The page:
Third Annual MHAW Continues to Benefit Community
Sidwell held its third annual Mental Health Awareness Week from Nov. 13-17, with student organizers working to raise awareness about mental health problems that affect high school students and reduce the stigma surrounding these problems.
Building on the efforts of Molly Irvin ’16, the Sidwell alumna who organized the first Mental Health Awareness week during her senior year, current Sidwell juniors Elizabeth Irvin and Jamie Landy led a team of their peers to identify mental health experts who would be willing to speak to students, get ideas approved by the Sidwell administration, and promote the week’s events with posters and other marketing materials.
Elizabeth Irvin said she finds it rewarding to see how Mental Health Awareness Week helps to “educate the school about common mental illnesses” and make students more comfortable talking about them.
The week began with an Upper School collection where Sidwell students were asked to think about mental health and the ways in which it affects their lives and the lives of people around them. Students who participated in a panel discussion at the meeting said mental illness may manifest itself in ways students may not consciously observe.
Elizabeth Irvin said the discussion “was a great way to deliver our message about breaking the stigma [surrounding mental illnesses] to the entire student body at once, and hopefully, the collection also got everyone excited for the events later in the week.”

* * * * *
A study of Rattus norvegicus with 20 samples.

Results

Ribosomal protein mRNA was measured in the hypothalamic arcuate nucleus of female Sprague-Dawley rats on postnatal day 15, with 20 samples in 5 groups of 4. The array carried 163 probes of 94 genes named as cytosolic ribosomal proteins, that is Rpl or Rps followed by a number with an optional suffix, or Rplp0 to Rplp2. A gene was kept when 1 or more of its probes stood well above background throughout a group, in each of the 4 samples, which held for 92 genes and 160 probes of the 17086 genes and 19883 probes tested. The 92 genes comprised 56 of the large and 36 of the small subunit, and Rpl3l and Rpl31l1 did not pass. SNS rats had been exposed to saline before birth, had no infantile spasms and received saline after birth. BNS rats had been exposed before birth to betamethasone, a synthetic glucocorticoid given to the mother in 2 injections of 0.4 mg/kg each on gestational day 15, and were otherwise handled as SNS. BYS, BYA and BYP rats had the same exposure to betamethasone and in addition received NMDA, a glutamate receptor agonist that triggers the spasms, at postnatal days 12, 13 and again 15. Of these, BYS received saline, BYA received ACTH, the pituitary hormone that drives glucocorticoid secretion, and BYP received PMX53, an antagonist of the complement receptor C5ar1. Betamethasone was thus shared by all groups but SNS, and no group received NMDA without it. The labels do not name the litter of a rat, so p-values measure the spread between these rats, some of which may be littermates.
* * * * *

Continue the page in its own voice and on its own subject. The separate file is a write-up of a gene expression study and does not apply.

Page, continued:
Throughout the week, Upper School students and faculty were encouraged to attend lunch presentations on topics such as juvenile depression, mindfulness, and social work.
Landy said he was happy with the reaction from students. “It was so amazing to see how many people were invested in showing their support for the week,” he said. “From wearing the pins and stickers, to coming to the lunch meetings, to being speakers on the panel.”
The week’s events were planned primarily by students. Upper School Psychologist and faculty advisor Dr. Kasaan Holmes said her role was to provide support to the Mental Health Awareness Week team. Holmes said she gave input to the team based on what she sees in her “day to day experiences, which are sometimes a bit different from what students see or experience.”
Holmes said the Upper School student body helped make the week a success by filling out surveys and suggesting the areas of focus for the week. By incorporating the ideas and interests of the student body, Mental Health Awareness Week is designed to be relevant to all students and help them cope with the mental health issues that they -- and the people around them - are facing.
Holmes said she believes that “students [have come] to expect” the annual series of events and that the week highlights the importance of mental health while encouraging more open discussion of mental health issues.